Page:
Inequality, difference and discrimination within the LGBT community must be addressed.

 |  4-minute read |   18-05-2016

He said that adverts are quite regular on Grindr and Planet Romeo. And there isn’t just one, there are at least four such parties happening across Delhi, including one in the alleys of Faridabad far away from the metro station. He’d shown me screenshots of the adverts too. All of them, apart from choices of complementary drinks, had one thing in common: "No trans, fem, or cds allowed".

trans-bd_051816051712.jpg Inequality and difference within the greater LGBT community continues.

On the eve of International Day against Transphobia and Homophobia (IDAHOT), while Justin Trudeau has come up with groundbreaking legislation ensuring protection of human rights for trans people across Canada, India is yet to make room for homosexuality. So, talking of "phobia" doesn’t actually make sense in the context of the Indian collective outlook.

Whether one identifies as a homosexual, a bisexual or a transgender, they all fall under the category of the "miniscule minority" - almost as invalids. So, how can one be scared of something that is not even recognised or acknowledged? How can one fear something that is not even there?

Well, even when mockery or sarcasm doesn’t help much in this country, what is most distressing to know is the kind of disparity that exists within the community. Especially in a place like Delhi where every other day there are queer agitations, queer film screenings, solidarity marches, active LGBT discourses happening at Oxford Bookstore in CP or in Jantar Mantar. Hence, it is even more disheartening to know what happens in these parties.

There is an obvious rift within the community. And the phobia actually finds expression within the ambit of the so-called cis-gay-men crowd. None of them want a trans woman, cross-dresser or an effeminate man lurking around them. None of them are willing to date, dance or be seen with them by their friends. It’s a huge shame, another friend told me that night, because his mother wouldn’t want him to be seen with a "girly" boy. "I’d better date a girl in that case," he’d said laughing.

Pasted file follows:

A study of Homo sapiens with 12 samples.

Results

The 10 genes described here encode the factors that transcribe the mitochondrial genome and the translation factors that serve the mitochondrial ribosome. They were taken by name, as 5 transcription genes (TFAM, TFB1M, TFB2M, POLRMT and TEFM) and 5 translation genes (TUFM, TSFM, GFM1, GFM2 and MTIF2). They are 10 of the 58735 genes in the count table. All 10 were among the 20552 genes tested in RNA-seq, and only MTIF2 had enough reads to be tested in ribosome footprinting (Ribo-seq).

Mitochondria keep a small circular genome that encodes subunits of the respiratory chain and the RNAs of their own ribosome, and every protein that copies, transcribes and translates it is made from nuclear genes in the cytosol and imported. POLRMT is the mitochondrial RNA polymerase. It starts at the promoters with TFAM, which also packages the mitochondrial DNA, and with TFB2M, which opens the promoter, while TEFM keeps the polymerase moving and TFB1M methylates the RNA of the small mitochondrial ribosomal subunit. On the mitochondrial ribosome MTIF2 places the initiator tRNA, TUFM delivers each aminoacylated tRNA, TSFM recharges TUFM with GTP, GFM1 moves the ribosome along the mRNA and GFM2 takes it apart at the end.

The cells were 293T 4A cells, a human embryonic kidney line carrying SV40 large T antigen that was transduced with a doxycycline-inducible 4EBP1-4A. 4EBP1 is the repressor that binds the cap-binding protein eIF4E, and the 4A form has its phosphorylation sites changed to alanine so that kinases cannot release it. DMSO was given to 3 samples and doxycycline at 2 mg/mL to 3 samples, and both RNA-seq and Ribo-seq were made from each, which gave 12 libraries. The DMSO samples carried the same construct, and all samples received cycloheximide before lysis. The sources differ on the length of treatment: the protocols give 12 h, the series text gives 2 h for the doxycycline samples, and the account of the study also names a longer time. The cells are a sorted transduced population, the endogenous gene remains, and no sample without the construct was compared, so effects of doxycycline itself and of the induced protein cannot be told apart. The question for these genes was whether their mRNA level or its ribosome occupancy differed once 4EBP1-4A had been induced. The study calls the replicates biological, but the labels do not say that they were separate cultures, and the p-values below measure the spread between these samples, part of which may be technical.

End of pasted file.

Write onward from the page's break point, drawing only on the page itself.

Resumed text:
Once I had gone out on a date with a fashion designer from Greece in his late 40s. He said that he’d lived across New York, Greece, parts of Europe, and had been living in Delhi for the last ten years. Of all things we exchanged over coffee, one that made him furious was the exclusion of the transgender people from the list of guests in such parties. He said that such things never happen in Europe. In the US it would be branded as shaming and may also lead to legal battles in some cases.

Even in Mumbai, I, myself, had not seen such reservations. Most of these parties in Mumbai happen around Andheri West, and unlike Delhi, they are larger in number. Even then, in each of those parties, atleast two to four transgender people or cross-dressers would always be seen. And Mumbai men would be quite comfortable around them.

The reason, as told by a Delhi friend from the academia, is as silly and basic as, "Mumbai is a far more liberal city, you know!" He also added that the liberal nature of the city could also be attributed to its higher population of hijras. So people are quite used to seeing them. The logic, apart from being preposterous, also proved that however one may try, it is very difficult to break away from the cultural belief systems in a patriarchal society.

Trans people, having grown in the same society, must suffer way more than cis men to come out in public. The shaming is so much more by the "majority" that it creates confusion in their heads about their own identities. Therefore, a lot of them end up seeking counselling and psychological help. And hence, sadly, trans people are branded as mentally unstable.

Though, quite recently, the Supreme Court recognised the third gender attributing to the transgender population of the country, inequality and difference within the greater LGBT community continues. They are, therefore, in a constant state of battle.

Homosexuality remains a taboo and consensual non-penovaginal sex remains criminalised. Also, protection of transgender rights hasn't improved - neither in its recognition, nor in its inclusion in the greater community referred to as the sexual minority.

The aversion remains, as shame and ignorance prevails. One can only hope for some more solidarity within the single homogenous minority and end the phobia.

Writer

Gaurav Deka Gaurav Deka @drgauravdeka

Gaurav Deka is a general physician and a clinical psychotherapist practising in Delhi.